Ireland's Tough Decisions Create Fiscal Credibility

Ireland, like other European Union nations including Spain, Portugal, and Greece, risked losing the confidence of its creditors when it did not have a strategy to get its fiscal house in order after taking on massive debt to rescue its economy and financial system over the past few years. 

Last year, Ireland faced the same fiscal problems that Greece faces now (with the exception that Ireland was hurt by the formerly high flying housing market and “bad” banks).  Investors demanded a high risk premia and credit ratings agencies downgraded Ireland’s sovereign debt, based on rising fears that Ireland could not manage its fiscal accounts.  Investors worried that the country would have to turn to inflation to finance its debts.  Some thought in the worst case that Ireland might default on its debt and the cost of insuring against that default rose significantly.  But the Irish government acted. It developed tough budgets that included significant cuts to government spending and raising additional revenue.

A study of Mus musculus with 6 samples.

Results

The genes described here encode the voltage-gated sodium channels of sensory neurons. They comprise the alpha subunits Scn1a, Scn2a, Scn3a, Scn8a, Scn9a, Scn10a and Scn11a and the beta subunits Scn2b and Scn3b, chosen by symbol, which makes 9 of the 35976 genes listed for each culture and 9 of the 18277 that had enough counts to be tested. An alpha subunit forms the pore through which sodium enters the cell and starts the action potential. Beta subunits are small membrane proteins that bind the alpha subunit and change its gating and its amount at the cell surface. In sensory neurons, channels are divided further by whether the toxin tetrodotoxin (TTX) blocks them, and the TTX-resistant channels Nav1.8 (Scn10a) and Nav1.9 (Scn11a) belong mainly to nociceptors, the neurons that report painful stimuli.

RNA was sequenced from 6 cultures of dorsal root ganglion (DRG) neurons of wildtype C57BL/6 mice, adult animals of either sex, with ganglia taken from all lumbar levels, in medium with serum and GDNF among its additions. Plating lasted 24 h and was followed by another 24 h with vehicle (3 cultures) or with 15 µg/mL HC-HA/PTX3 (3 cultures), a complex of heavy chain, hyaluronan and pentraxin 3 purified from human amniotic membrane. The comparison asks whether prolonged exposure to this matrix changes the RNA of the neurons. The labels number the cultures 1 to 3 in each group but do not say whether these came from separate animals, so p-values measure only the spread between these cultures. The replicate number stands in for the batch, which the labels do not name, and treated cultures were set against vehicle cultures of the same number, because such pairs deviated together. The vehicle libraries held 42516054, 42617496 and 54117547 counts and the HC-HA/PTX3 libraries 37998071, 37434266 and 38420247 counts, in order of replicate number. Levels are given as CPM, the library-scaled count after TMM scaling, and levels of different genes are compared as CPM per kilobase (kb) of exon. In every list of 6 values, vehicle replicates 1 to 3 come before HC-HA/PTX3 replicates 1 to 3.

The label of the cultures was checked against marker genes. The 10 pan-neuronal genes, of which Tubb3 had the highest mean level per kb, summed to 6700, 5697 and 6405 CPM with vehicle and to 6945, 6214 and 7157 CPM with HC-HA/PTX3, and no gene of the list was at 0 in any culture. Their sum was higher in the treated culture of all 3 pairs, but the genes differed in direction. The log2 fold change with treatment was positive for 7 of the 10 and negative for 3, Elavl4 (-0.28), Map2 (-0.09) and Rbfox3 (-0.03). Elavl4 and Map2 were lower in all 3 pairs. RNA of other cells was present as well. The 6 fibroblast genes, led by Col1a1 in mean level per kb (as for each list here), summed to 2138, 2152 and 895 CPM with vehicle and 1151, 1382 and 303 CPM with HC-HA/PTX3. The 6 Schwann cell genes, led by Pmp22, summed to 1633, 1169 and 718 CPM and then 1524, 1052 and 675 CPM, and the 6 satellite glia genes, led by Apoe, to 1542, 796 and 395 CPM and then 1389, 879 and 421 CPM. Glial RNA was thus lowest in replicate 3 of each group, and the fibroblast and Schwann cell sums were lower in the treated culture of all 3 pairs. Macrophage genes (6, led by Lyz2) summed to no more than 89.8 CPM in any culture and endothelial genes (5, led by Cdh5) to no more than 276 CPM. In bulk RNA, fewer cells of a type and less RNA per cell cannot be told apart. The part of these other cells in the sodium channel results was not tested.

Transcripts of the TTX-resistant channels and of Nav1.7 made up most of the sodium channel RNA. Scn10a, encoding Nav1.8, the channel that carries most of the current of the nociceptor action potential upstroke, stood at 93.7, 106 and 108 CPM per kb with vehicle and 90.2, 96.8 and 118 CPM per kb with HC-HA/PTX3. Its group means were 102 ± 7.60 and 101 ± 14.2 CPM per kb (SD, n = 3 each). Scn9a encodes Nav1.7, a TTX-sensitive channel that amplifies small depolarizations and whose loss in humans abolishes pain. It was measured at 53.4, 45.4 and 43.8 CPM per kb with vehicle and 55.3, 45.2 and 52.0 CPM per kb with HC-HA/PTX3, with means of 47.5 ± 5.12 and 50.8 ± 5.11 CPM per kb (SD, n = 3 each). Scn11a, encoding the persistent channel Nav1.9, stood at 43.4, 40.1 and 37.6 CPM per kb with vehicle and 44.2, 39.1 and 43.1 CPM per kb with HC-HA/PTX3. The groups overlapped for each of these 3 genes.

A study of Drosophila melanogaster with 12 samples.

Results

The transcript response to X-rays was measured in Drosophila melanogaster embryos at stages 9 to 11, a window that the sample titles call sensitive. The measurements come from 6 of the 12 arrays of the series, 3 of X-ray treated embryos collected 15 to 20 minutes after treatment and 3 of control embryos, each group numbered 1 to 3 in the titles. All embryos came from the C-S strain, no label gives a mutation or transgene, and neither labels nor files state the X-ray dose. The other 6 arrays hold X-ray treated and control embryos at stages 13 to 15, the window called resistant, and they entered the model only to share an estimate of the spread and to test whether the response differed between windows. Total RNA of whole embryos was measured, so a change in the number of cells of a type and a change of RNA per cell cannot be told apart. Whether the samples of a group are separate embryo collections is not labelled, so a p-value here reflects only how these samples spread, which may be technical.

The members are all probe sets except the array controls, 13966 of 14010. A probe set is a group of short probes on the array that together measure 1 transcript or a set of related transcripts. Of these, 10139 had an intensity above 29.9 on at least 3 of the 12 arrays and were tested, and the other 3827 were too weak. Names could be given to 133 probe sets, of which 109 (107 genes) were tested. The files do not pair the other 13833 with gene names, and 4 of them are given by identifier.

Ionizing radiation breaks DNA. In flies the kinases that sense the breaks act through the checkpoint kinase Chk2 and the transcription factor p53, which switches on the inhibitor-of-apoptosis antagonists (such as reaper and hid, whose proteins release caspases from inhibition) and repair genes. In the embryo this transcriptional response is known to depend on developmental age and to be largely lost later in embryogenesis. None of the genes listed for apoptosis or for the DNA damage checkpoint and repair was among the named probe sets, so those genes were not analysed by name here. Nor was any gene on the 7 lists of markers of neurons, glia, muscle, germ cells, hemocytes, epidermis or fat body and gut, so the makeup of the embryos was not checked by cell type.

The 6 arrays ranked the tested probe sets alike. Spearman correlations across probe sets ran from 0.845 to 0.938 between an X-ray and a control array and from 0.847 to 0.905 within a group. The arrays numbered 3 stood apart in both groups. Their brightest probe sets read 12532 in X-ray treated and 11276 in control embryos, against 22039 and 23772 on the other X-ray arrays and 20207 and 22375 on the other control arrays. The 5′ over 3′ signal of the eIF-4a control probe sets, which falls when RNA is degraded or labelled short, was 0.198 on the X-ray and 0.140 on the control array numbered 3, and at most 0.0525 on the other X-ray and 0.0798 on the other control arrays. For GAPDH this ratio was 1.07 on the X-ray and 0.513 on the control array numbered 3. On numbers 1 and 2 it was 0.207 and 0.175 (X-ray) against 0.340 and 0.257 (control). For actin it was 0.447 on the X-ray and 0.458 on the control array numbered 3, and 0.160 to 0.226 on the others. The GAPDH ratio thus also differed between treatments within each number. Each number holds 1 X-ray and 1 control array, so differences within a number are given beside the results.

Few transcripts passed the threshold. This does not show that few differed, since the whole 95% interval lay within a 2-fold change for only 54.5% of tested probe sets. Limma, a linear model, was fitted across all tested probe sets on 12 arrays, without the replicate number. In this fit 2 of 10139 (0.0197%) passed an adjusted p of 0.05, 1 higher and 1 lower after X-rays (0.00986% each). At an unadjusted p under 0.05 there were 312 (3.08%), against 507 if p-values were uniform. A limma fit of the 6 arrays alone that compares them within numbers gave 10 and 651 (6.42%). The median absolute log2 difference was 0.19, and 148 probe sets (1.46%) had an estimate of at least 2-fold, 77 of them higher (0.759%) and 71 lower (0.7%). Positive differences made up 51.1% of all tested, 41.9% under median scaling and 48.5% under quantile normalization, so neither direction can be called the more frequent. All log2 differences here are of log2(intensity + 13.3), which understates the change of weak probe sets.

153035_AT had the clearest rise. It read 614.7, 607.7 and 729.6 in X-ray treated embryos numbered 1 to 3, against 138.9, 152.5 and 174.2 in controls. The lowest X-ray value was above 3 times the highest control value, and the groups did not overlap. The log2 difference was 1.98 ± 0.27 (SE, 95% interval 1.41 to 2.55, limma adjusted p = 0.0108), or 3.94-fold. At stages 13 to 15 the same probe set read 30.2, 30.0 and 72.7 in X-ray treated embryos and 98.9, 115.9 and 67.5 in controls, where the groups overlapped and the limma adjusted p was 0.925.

This wise action has not been without pain.  Government cuts have hurt public services and public servants and the government has faced high disapproval ratings (see Wall Street Journal, March 10, 2010).  But as the Wall Street Journal reported, there has also been an upside.   Despite still facing high deficits and debt, the cost of insuring against an Irish default has shrank and is much lower than the similar cost for Greek debt (Greece fails similar problems but has been slow to implement budgetary changes). 

The United States should follow the Irish example (and those of other countries who have undertaken fiscal turnarounds (see CRFB paper on fiscal turnaround success stories) Developing a credible plan to address a nation’s debt can assuage investors’ fears about default and fiscal policy.   The United States has the luxury and flexibility of avoiding the harsh and quick cuts that Ireland had to make and can wait until the economic recovery has firmly taken hold.  But to buy some breathing room that Ireland did not have (and that Greece may have lost), the United States must show its creditors that it is serious about stabilizing the federal debt over a reasonable timeframe.